A political organization has filed a case with the United States Supreme Court to overturn the state of Indiana’s ban on the use of robocalls, automated and prerecorded messages sent to thousands of phones at once, for political campaigns.
While it is still unclear whether the Supreme Court will take the case, the group, Patriotic Veterans Inc., claims that the ban violates their First Amendment right to freedom of speech. The Editorial Board believes that these calls should not be legalized.
The 7th Circuit Court of Appeals ruled against the group in January and claimed “preventing automated messages to persons who don’t want their peace and quiet disturbed is a valid time, place, and manner restriction.”
The Editorial Board agrees that robocalls should not be protected by First Amendment rights because it could be considered harassment if a barrage of automated calls assaults citizens’ phones.
If the ban were removed it would allow political movements outside of the mainstream, on both the left and the right, with just a little bit of money to obtain voter lists and call hundreds of voters at a time to spread their message. This could lead to individual citizens receiving an unreasonable number of political calls, with no way of blocking them because “do not call” lists often don’t matter to political activists.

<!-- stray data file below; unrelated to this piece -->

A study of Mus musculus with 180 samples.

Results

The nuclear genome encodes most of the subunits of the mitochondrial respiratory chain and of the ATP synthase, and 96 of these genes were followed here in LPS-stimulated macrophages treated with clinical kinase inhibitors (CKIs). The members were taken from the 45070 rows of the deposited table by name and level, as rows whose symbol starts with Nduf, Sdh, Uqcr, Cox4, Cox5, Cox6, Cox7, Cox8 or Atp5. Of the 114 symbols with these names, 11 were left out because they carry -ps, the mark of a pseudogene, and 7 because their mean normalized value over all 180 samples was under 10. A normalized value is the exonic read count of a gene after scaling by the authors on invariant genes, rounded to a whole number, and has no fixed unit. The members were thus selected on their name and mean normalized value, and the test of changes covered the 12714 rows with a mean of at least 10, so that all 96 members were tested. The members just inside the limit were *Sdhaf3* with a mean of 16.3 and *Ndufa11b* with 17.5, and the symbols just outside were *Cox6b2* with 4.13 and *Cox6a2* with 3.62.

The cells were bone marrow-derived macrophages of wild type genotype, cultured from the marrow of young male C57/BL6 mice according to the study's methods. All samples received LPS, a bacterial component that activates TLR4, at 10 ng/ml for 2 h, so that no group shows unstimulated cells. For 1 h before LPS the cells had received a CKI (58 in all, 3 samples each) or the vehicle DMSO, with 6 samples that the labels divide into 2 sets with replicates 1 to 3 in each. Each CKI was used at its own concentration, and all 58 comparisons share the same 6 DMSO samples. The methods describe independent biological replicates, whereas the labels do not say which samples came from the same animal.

The Editorial Board has members who have made political phone calls in the past and believes that making person-to-person contacts during political campaigns is a vital part of democracy. However, that is something that takes more time and resources to reach a large number of people.
Also, Indiana’s robocall ban is content neutral, which courts have generally upheld with more leniency than other bans that apply only to political speech. Corporations cannot use robocalls to advertise their businesses through this mechanism either.
A town ordinance in Arizona that regulated political speech on yard signs was struck down in the courts as an example of a content-specific statute. The Indiana law does allow for robocalling if the individual on the robocall list has given consent to a live-person caller to be placed on that list.
The Editorial Board believes it is reasonable for private citizens to be protected from a constant barrage of phone calls from every political organization, charity and corporation that wishes to market something to us, without first consenting to be placed on the list. We sincerely believe that this law does not violate the First Amendment and is in the public interest for it to be upheld by our courts.